The mayor of Baton Rouge, Louisiana is offering a reward of up to $5,000 for information that leads to the arrest and indictment of the person or persons who murdered Sadie Roberts-Joseph, the curator and founder of The Odell S. Williams Now And Then African-American History Museum.

The body of Roberts-Joseph, 75, was found stuffed into the trunk of a car on July 12. The car was found abandoned three miles from Roberts-Joseph’s home in Baton Rouge.

The Baton Rouge Police Department (BRPD) hasn’t confirmed Roberts-Joseph was murdered, however. They also haven’t revealed what led to her body being discovered.

"Our detectives are working diligently to bring the person or persons responsible for this heinous act to justice,” said BRPD in a statement.

BRPD also mourned Roberts-Joseph in a Facebook post, calling her "a treasure to our community."

No suspect or suspects have been named. An autopsy will be performed on Roberts-Joseph’s body to determine the cause of death.

On the other hand, Baton Rouge Mayor-President Sharon Weston Broome (a good friend of Roberts-Joseph) and Rep. C. Denise Marcelle (D-LA) both affirm Roberts-Joseph was murdered.

On Instagram, Mayor Broome asked anyone that had any information that may assist in solving this horrific crime to call Crime Stoppers.

“As an extra incentive, cash rewards are paid up to $5,000 for information which leads to the arrest and indictment of a person (s) that committed a felony crime. There are No Names, No ID, and No Court when you contact Crime Stoppers. But you must contact Crime Stoppers to become eligible for the cash reward and to remain anonymous,” said the Mayor’s post.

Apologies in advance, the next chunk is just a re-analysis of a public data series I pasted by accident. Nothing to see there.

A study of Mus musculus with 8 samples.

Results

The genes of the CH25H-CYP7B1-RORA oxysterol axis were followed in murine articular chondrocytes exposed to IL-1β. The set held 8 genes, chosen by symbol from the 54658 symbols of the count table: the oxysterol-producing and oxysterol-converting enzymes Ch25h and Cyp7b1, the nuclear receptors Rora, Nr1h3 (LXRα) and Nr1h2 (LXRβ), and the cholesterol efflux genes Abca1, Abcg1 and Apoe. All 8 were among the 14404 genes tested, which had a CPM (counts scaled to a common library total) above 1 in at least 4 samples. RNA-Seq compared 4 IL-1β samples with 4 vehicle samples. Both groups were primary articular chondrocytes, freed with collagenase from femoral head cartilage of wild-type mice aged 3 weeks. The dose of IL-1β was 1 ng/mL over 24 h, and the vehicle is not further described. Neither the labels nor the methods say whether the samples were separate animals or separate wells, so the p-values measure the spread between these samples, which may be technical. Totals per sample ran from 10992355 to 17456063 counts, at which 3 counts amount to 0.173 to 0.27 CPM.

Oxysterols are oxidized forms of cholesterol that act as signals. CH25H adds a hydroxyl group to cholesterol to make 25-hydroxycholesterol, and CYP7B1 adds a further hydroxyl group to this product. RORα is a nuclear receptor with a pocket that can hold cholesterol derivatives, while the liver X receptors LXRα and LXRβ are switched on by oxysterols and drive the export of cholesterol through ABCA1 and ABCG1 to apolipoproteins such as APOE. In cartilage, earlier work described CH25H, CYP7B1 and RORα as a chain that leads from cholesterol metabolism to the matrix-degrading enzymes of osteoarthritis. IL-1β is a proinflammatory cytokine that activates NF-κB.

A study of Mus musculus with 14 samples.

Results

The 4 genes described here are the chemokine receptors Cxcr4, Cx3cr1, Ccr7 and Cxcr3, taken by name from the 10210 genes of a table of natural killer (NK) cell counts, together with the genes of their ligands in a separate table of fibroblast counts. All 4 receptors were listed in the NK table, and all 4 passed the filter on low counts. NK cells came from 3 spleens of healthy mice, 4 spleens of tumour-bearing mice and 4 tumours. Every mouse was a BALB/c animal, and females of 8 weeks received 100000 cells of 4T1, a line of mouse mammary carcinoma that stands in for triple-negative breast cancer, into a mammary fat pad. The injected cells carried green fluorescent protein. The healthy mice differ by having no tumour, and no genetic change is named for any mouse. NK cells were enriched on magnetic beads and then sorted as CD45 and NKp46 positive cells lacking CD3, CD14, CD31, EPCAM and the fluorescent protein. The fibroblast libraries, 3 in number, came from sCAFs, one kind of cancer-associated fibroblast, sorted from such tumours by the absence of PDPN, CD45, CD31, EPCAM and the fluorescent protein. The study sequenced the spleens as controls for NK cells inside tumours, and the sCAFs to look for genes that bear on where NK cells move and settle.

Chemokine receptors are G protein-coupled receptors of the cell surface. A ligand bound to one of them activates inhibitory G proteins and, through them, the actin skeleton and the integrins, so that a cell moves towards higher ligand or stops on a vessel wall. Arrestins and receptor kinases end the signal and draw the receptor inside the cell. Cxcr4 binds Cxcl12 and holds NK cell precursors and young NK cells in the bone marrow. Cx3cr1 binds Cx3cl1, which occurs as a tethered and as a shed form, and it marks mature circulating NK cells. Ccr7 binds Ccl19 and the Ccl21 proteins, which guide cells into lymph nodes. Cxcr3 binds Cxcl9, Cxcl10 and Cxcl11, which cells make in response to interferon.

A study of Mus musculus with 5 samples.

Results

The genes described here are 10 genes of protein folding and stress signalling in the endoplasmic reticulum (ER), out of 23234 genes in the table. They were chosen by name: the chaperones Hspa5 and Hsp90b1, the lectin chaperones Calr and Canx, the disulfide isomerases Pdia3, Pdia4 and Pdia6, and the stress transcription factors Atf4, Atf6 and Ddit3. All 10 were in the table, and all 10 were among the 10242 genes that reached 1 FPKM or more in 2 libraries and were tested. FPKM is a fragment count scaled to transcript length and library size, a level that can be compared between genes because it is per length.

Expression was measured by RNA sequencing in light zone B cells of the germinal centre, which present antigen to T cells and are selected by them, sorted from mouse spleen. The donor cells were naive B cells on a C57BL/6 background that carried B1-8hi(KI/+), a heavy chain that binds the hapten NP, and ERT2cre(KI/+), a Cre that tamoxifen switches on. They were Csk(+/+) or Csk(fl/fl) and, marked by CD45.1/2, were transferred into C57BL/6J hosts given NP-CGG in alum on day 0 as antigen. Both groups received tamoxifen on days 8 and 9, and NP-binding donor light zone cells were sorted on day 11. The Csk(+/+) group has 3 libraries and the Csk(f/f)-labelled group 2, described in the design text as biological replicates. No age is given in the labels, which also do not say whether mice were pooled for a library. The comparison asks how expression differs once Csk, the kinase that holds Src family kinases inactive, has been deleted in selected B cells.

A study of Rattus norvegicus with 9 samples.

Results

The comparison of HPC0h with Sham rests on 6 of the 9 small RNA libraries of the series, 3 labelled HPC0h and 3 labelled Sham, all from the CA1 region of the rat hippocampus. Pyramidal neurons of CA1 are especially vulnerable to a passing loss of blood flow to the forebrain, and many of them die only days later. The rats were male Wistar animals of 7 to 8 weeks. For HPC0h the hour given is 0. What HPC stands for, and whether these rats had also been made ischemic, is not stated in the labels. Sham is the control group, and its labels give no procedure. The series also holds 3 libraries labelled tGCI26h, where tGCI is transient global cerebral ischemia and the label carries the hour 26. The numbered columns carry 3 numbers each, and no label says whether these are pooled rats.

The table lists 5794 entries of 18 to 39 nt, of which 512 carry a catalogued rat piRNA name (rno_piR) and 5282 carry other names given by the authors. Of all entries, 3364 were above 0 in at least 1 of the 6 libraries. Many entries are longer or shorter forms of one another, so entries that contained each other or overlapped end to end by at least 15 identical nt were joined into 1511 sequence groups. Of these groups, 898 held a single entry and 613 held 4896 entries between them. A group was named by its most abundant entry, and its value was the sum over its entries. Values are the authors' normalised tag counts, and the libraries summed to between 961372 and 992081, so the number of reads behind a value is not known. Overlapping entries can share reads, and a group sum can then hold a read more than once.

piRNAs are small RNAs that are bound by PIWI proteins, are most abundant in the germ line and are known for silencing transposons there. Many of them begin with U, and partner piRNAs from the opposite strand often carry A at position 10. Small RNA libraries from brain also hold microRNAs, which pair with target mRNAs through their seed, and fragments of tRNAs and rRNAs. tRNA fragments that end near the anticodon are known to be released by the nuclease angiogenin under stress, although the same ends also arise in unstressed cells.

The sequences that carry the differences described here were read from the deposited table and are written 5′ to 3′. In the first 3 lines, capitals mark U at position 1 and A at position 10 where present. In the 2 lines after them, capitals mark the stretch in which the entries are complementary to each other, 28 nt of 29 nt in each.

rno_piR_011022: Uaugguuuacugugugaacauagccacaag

Founded by Roberts-Joseph in 2001, the museum (also known as the Baton Rouge African-American Museum) remains the only museum dedicated to African and African-American history in the capital city of Louisiana. The museum also celebrates the Juneteenth commemorating the end of slavery, Black History Month, and American history.

Roberts-Joseph has maintained the museum on her own since its founding. The museum receives no federal or local funding.

African American Museum, Baton Rouge
Exterior view of the Baton Rouge African American Museum. Blair/ Wikimedia

“In the midst of managing a major weather event in our parish, I was hit with some devastating news -- the murder of a dear friend and a mother of the community - Sadie Roberts Joseph,” wrote Broome on Instagram.

“I’ve deliberately waited to comment because of the level of love and respect I had for Sadie; and because it was such shocking news. She loved this city and its people. Her commitment to the cultural and educational fabric of our community is beyond description. The development of The Odell S. Williams African American Museum is a testament of her visionary and pioneering leadership.”

In a Facebook post, Marcelle said Roberts-Joseph had raised awareness of African American history and the civil rights movement.

"My heart is empty … as I learned last night that Ms. Sadie Roberts Joseph was found murdered!" wrote Marcelle.

"This woman was amazing and loved her history. She never bothered anyone."

The branch of the National Association for the Advancement of Colored People (NAACP) in Baton Rouge called Roberts-Joseph a "Cultural Legend."

"From reviving Juneteenth, to the Culture preserved at Her Museum, she was a trendsetter and icon in this City," said the NAACP.